By all appearances, Robert Hansen seemed like a model citizen: He was a business owner, husband, and father. But lying below the surface was a vicious serial killer who hunted women for sport in the Alaskan wilderness. Hansen’s crimes seem so horrendous as to be fiction, especially when compared alongside Richard Connell’s The Most Dangerous Game, the famous story about a Russian aristocrat who hunts humans on a remote island.
But Hansen’s life and crimes were not works of fiction. He led a secret, depraved existence that friends, neighbors, and family members didn’t know about, and that resulted in the deaths of many women.
Robert Hansen was born in 1939, grew up in Iowa, and eventually became a baker like his father. He was bullied as a youngster because he was skinny, shy, had a face marked by acne scars, and had a severe stutter. As a teenager, Hansen found comfort hunting in the woods.
In 1960, Hansen was arrested in Iowa for burning down a Board of Education school bus garage, and he served almost two years in jail. After his stint in custody, he was arrested several more times for petty theft. In 1967, Hansen decided to relocate to Alaska with his second wife, where he opened a bakery in Anchorage. Hansen prospered in Alaska. He received his pilot’s license, bought a plane…and he set hunting records.
Hansen projected an image of respectability as a business owner and family man in the community, but, unbeknownst to those close to him, in 1971 he began murdering and raping women in and around Anchorage. Hansen targeted exotic dancers and prostitutes, often abducting them, taking them to his remote cabin in the Alaskan wilderness, and then setting them loose so he could hunt them down like wild animals.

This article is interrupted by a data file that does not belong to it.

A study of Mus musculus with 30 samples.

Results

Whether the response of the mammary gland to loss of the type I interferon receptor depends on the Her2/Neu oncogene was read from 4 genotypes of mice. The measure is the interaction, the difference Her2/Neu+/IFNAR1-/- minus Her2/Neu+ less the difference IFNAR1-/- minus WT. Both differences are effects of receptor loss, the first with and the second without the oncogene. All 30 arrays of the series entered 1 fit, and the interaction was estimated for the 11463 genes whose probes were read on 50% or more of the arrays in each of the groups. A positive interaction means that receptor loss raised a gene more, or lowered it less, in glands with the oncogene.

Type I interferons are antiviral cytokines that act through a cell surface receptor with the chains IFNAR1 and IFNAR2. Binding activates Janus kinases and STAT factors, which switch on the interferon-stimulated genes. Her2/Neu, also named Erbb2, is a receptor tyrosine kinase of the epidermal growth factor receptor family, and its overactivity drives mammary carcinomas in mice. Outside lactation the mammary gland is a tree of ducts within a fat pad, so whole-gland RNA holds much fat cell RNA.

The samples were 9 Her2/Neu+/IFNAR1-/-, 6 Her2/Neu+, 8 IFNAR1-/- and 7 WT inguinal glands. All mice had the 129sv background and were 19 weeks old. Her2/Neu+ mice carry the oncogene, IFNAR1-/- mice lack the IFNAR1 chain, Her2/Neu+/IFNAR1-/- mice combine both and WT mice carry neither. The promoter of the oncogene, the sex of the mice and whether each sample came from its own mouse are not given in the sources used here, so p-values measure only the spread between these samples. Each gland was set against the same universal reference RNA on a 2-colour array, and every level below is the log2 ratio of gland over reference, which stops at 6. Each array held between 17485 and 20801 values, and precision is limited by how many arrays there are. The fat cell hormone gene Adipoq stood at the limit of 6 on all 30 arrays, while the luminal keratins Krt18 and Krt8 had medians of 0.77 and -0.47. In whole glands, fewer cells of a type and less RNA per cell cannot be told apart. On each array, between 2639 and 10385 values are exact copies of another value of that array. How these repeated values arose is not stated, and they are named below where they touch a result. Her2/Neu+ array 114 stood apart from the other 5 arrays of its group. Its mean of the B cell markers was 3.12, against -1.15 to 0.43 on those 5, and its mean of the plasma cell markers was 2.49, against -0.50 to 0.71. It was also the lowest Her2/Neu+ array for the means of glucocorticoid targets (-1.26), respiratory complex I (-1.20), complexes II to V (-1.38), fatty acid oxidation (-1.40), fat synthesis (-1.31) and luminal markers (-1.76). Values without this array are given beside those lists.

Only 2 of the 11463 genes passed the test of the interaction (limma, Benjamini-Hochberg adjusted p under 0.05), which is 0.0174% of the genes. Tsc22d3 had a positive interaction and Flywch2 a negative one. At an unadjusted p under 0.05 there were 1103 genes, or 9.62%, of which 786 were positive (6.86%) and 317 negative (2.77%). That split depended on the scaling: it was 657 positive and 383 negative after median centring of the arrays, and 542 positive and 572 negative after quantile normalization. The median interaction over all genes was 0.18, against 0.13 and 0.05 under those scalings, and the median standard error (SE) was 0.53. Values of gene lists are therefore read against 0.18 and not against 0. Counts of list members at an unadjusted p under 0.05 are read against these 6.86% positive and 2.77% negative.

In June 1983, Hansen’s reign of terror came very close to ending. A 17-year-old prostitute named Cindy Paulson escaped, handcuffed, from Hansen as he was preparing to put her on his private plane. Paulson recounted to police how Hansen had pulled a gun on her, kidnapped her, tortured her in his house, and almost got her on his private plane. Only when Hansen became distracted loading the plane’s cockpit was Paulson able to run and flag down a passing truck. Hansen told police that Paulson was simply trying to extort him for money. The police believed Hansen and let him go.
Though they released Hansen, the police were actively investigating the many women who had gone missing from Anchorage by 1983. Believing they had a serial killer on their hands, the police turned to the FBI for help. The FBI compiled a criminal profile of the unknown killer, and the results, plus the incident with Cindy Paulson, led the police to return their focus to Robert Hansen. The FBI profile stated that the killer would be a hunter with low self-esteem, that the killer would most likely keep souvenirs, or “trophies,” from his victims, and that he might have a stutter.
When the police searched Hansen’s house, plane, and cars, they discovered jewelry belonging to some of the missing women. They also discovered a map of the area with Xs marked all over it hidden in Hansen’s house. Faced with the evidence, Hansen decided his dangerous game was over. He admitted to murdering 17 women and raping dozens more over the course of 12 years. Police believe Hansen may have had many more victims than the ones he admitted to attacking.
Hansen was sentenced to life in prison, where he died in 2014 at the age of 75.
Want to read more true crime stories? The case of the Zodiac Killer remains one of the most baffling unsolved crime mysteries of the 20th century. The man terrorized the San Francisco Bay Area, murdering at least five men and women–though he claimed to have killed many more–in the late 1960s and early 1970s.